Alien Horti Picti
18.03.2023 – 14.04.2023
During his time as an Italian Academy scholar at New York’s Columbia University in 2020, Agostino Iacurci followed the same routine every morning: he drew a line across the middle of a blank sheet of paper with a pencil and then freehand drawing the outline of a plant with a human head. His status in the U.S. at the time is that of a “legal alien allowed to work”. During this time, he is also fascinated by so-called “invasive alien plants” – plants that are introduced from other regions or climates through human activities, reproduce unchecked, and destroy native ecosystems. Iacurci’s fantastic, graphic hybrids of plants and humans are ornamental meditations on the stranger, the other, other, fear of the alien, the intrusion into ecological, cultural, and ideological systems, on metamorphosis, the end of anthropocentric thinking, a new relationship between civilization and nature.
They are the starting point for Alien Horti Picti, his first exhibition at Robert Grunenberg. The idea of “painted gardens” is combined in the show with Iacurci’s fascination with the “grotesque” decoration in Greco-Roman villas, rediscovered in the 15th century and extremely popular during the Renaissance and Mannerism. Because the murals were found in buried, or supposedly subterranean spaces, they were referred to by the adjective grottesco, derived from grotta (it.: cave). The decoration is characterized by a fusion of the most diverse forms, the ornamental interweaving of flowers, fruits, vases, human bodies, chimeras, and monsters.
Iacurci transforms such ornamental and mythological motifs like these from the entire history of art and culture, from antiquity to modernity, into a colorful, luminous, two-dimensional, flat geometric style. One thinks of Italian postmodernism and magic realism, but also of science fiction, horror, posthuman, and speculative narratives. Thus, in the paintings and wall works of Alien Horti Picti, human and plant reproduction merge: milk gushes from the breasts of fountains shaped as women’s bodies, heads and limbs sprout from symmetrically growing plants.
Metamorphosis is a central motif in Iacurci’s surreal, poetic universe. But unlike in Ovid, it is not tied to a story of creation. It does not lead from an archaic primordial state to the culture of the present. Rather, it resembles a kind of experimental cultivation, that takes place in a cultivated, artificial garden, in vases, bowls, and pots – without actual contact with the earth, without temporal classification. All these plants are aliens. Anthropomorphic forms grow out of the containers, in which plants, people, architectures, ornaments, and geometries combine. There are no clear hierarchies between humans and plants.
Time and time again, the Italian artist, who was born in 1986, has adapted botanical ornaments and decorations, hybridized them, and transformed them into paintings, sculptures, stage-like installations, performances, or into monumental murals on the facades of private and public institutions around the world. The exhibition Alien Horti Picti also has a stage-like, performative character. Together with Francesco Libetta, one of Italy’s most renowned pianists and composers, and pianist and restorer Giorgio Manni, Iacurci has developed a project, especially for the show. A 19th-century English table piano which he painted with plant motifs sits on a hand-painted abstract carpet representing a color circle. Iacurci is alluding to a Baroque tradition. Luca Giordano and Peter Paul Rubens, for example, painted keyboard instruments. Giorgio Manni and Francesco Libetta will play classical pieces associated with the concept of metamorphosis.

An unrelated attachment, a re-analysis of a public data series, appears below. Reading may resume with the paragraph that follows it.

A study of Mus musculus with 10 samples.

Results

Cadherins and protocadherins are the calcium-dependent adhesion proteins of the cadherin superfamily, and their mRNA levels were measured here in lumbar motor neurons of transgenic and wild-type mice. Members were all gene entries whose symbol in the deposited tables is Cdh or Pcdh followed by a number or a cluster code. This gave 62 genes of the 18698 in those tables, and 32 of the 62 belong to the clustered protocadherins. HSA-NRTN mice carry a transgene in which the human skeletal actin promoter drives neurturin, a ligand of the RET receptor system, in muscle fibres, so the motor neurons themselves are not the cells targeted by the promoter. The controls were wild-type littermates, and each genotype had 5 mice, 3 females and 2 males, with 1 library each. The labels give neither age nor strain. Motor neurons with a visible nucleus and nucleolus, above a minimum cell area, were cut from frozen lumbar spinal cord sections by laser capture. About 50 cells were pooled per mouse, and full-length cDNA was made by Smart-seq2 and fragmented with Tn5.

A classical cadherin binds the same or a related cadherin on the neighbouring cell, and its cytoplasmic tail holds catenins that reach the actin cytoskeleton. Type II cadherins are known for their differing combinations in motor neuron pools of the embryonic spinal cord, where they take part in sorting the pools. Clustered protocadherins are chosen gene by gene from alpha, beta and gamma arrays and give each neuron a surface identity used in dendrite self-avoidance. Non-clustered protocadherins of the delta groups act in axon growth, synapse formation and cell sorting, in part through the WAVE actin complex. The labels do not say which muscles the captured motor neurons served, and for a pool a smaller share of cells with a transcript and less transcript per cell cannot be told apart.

Iacurci’s ornamental growths can be also understood as figures of thought. In his work, he also refers to the research of the neurobiologist Stefano Mancuso, who calls for rethinking plants. Mancuso describes plants as sentient, thinking beings that play, communicate with other species, and form networks. Like Mancuso, Iacurci opposes the anthropocentric hierarchy of the Renaissance which is still widespread today. This sees stones and minerals as inanimate, plants as a lower form of life, animals as non-sentient, and sees humans at the top of the pyramid. Above the ordinary man there is still the “Homo studiosus” — the researching man
Anthropomorphism, the attribution of human characteristics to animals, plants, natural forces, and non-human things, takes a dialectical turn in Iacurci’s work: not only are plants anthropomorphized but conversely, humans are morphed into vegetal lifeforms. At the same time, Iacurci’s artistic practice sabotages the classical hierarchies between applied art, design, fine art, and folk arts. This democratic approach is reminiscent of the revolutionary, interdisciplinary spirit of the Milanese Memphis Group in the early 1980s, as is the reduction to elementary geometric forms and the search for an iconographic visual language with a high recognition value. Iacurci appropriates the art and design of Italian postmodernism, which worked with anthropomorphic forms and drew on historical periods, styles, and foreign cultures from a relatively Eurocentric perspective. But he does not do this to nostalgically evoke it, but to deconstruct it in a kind of 2.0 version, as post-postmodernism for the crisis-ridden Anthropocene.